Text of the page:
Recapitalizations are a powerful tool, but like any tool, they only perform as well as the experience and controls of the operator. We consider 4 Points in Favor of a Recapitalization and 3 Points Against.
Most troubled companies share a common denominator: excessive debt and management indecisiveness. That doesn’t mean lack of desire to perform. It does, however, mean that there have been some fundamental issues, strategy mistakes or procrastination among senior management in the months or years leading up to that point. You could write several books on the lists of reasons that companies get into trouble and in a career of restructuring troubled companies, there are many stories to tell. In this article, we discuss 6 areas of focus for a troubled company: 1. Cash management 2. Profit and profitability 3. Controlling costs 4. Fixed Assets and Inventory 5. Accounts Receivable 6. Debt
When a business owner is asked who the most likely buyer is for their business, they will typically have a fairly good idea who the most likely candidates are, which normally fits one of the following profiles: i) a competitor who can’t access your market, client base, lacks certain proprietary differentiators or some other motivation; ii) a strategic buyer who would love to buy your technology, unique products, service, patents, intellectual capital, team, or maybe your reputation in the marketplace; or iii) the private equity group that has been courting you for years, or maybe even; iv) the Senior Manager in your Company who’s worked for you for 20 years and who, with the right financial backer, could buy, manage and grow the business.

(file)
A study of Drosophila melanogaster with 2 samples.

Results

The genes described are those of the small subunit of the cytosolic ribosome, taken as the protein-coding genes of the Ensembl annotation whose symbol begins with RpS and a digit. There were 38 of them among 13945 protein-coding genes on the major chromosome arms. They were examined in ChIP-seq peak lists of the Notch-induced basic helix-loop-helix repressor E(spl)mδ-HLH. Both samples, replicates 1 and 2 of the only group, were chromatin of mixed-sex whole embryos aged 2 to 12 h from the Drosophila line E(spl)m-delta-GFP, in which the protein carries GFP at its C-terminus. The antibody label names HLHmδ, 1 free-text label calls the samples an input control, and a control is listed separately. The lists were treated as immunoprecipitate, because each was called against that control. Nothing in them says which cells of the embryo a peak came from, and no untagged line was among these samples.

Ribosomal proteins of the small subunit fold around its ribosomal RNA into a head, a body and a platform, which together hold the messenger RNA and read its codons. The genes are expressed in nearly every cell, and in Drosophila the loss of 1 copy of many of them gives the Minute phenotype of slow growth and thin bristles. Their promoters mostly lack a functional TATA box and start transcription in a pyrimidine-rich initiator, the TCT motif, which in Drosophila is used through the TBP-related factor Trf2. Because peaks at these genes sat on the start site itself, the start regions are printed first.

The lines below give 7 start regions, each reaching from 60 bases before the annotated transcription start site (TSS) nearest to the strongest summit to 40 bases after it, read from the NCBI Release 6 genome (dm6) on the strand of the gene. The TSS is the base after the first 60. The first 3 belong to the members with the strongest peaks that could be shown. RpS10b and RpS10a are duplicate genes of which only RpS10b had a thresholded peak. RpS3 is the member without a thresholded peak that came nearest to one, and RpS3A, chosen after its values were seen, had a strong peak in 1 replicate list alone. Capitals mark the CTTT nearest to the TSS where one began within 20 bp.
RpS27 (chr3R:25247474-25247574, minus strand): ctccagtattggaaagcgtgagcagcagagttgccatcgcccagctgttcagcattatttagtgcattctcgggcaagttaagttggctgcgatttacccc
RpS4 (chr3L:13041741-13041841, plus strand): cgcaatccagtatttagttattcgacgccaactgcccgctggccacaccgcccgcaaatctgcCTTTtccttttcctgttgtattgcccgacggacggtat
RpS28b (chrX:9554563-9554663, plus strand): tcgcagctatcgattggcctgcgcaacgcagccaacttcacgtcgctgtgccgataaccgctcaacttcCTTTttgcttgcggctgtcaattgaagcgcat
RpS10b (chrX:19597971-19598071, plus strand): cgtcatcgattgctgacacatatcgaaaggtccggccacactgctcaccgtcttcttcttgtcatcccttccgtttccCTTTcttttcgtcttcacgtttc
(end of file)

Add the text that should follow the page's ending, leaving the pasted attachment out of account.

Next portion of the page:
Implementation of Obamacare is just around the corner. October 1, 2013 looms as an important date for the birth of government backed Obamacare exchanges. This articles considers some of the implications of the changing healthcare laws for business owners, employees and our American workplace culture.
There is an increasing distortion and manipulation of economic data by the government to present an alternative reality of the current state of the economy. In particular, this blog discusses the massaging of inflation, GDP, unemployment and U.S. deficit statistics.
Most people think of a private equity holding period as between 3 and 5 years, which could cause a significant and legitimate concern among business owners. However, there is no hard rule to apply to this asset class and to make a determination whether or not to consider a PEG as a prospective buyer based upon the median hold period, would be to make a one-dimensional decision.
This is an interesting question and the answer has certainly changed over the years. Whereas synergies may have previously been credited entirely to the buyer’s benefit post closing, the trend has been for buyers to pay an increasing premium to sellers for some of the shared future synergies. In most strategic deals, there is now more…
U.S. Public companies are giving cash back to investors at unprecedented levels. Companies in the S&P 500 index are expected to pay at least $300 billion in dividends in 2013, according to S&P Dow Jones Indices, which would top last year's $282 billion. Is it a good thing? Does it help or hinder economic recovery? Help or hinder the business?
Re-trading is the fairly common practice of a buyer renegotiating the purchase price of a company after agreeing on price and terms. This article addresses the likely, causes and implications of a buyer attempting to re-trade.
The U.S. economy is at a critical intersection. Privately-held businesses have long been the driving force of the economy, and are now in a period of transition that has been building up for the last 50 years. Baby boomers own an unprecedented number of businesses and hold an unprecedented proportion of U.S. private wealth. Having propelled the booming U.S. economy since the early 1990s, baby boomers have now reached their peak in the consumer spending cycle.